Tyne & Wear

Durham Police adopt US child abuse detection programme

Durham Police chief constable Mike Barton (right) and Dr Joe Sullivan Image copyright Owen Humphreys/PA
Image caption Dr Joe Sullivan (left), who devised the programme, has advised Durham Police Chief Constable Mike Barton (right)

Durham Police officers have been trained to use an American system of spotting child abusers.

The force is the first in the UK to put 400 frontline officers through the Intervene to Protect a Child (IPC) programme.

The scheme teaches people to look for hidden signs of potential abusers, such as certain clothes, tattoos or books.

Durham Constabulary said it had already used the training to identify a man who posed a risk to a child.

The programme was developed in the US by the Texas Rangers, with advice from Dr Joe Sullivan, who has assisted detectives on the Madeleine McCann disappearance and the murder of April Jones.

Key indicators

Durham Constabulary's Chief Constable, Mike Barton, said the programme gave staff support to "do a bit more digging".

"We are giving them the confidence to recognise, if people wear certain clothing, if people have certain tattoos, if people behave in a certain way, that might be an indication," he said.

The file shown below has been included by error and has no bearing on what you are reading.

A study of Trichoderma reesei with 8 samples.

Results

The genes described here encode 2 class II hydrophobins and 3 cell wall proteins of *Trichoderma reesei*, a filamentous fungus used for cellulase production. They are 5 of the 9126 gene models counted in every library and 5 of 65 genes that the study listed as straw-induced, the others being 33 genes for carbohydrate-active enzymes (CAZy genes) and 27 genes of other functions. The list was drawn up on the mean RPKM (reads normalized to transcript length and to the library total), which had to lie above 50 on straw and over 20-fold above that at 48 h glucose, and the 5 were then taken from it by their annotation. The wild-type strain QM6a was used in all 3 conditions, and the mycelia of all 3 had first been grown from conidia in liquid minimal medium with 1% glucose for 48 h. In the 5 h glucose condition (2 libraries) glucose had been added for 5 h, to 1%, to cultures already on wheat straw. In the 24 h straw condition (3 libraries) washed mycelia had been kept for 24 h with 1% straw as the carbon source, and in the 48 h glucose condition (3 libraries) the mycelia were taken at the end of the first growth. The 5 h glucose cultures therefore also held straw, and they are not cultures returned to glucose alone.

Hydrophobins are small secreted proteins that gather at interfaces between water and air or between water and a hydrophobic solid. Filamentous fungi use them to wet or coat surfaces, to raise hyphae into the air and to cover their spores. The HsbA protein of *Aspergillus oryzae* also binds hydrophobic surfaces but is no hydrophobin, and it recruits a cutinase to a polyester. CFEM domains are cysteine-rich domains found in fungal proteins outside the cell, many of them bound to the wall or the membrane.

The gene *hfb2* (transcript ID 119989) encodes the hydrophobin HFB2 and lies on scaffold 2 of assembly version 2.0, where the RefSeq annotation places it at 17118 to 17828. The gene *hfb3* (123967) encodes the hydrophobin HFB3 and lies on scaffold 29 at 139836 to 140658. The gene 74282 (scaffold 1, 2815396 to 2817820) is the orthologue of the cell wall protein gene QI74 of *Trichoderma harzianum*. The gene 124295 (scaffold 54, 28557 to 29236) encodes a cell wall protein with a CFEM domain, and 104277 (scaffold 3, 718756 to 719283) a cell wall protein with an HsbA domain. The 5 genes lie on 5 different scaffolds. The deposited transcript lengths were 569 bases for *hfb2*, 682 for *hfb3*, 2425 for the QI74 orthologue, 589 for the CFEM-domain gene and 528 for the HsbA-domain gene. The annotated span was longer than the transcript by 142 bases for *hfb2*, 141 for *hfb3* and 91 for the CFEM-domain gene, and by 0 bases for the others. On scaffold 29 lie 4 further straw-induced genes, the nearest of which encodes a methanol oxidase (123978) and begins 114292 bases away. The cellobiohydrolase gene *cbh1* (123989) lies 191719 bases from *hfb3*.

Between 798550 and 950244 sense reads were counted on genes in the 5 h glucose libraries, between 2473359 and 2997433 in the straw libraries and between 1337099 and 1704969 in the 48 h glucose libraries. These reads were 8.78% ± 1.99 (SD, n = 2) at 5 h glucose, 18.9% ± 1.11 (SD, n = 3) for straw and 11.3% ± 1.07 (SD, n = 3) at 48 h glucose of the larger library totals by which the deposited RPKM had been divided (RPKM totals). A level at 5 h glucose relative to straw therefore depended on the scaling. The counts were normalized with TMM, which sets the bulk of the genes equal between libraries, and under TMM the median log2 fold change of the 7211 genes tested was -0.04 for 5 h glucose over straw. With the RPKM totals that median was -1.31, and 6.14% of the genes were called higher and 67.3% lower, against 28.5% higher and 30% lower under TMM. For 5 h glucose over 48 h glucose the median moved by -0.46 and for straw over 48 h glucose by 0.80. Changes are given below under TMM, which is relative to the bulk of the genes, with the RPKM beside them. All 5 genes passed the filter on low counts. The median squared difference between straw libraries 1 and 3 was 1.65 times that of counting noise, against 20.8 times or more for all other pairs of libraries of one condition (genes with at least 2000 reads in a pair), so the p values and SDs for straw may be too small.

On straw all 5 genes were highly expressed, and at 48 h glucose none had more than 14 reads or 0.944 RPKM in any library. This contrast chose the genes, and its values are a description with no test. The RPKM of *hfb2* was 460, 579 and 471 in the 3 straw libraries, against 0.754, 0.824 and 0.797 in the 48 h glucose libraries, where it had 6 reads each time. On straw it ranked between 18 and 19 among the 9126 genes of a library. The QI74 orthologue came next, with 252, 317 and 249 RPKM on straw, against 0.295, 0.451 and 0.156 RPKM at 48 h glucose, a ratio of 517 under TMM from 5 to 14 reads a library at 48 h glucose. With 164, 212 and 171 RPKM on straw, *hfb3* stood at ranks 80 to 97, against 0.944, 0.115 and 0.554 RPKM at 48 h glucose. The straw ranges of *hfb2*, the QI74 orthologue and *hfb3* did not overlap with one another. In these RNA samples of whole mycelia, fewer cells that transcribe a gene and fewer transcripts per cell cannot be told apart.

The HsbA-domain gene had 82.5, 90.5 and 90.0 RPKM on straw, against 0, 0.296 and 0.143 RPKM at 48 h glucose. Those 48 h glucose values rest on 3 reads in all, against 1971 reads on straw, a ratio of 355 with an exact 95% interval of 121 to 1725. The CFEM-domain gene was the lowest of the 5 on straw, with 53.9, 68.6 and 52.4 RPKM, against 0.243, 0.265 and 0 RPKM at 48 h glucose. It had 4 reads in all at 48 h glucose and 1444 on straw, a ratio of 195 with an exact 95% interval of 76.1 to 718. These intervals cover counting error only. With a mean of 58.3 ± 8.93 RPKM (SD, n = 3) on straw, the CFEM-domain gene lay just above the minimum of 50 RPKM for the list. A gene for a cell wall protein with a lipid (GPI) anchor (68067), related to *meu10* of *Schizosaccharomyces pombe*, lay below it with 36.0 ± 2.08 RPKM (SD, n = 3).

After training, a community support officer identified a man in his 80s who had a history of sexual offending against children and was being visited by a woman with a young child.

Public sector workers including teachers, fire officers and health workers have also been trained.

Dr Sullivan said his knowledge of the behavioural signs of paedophiles came from interviewing thousands of perpetrators.

He said: "I have learned from what they have had to say, what are the key indicators that someone who may not have that level of knowledge may not pick up on."

"This training is about targeting frontline staff who are not working in the arena of child sexual exploitation."

Staff were also trained to look out for signs children were being abused, he said.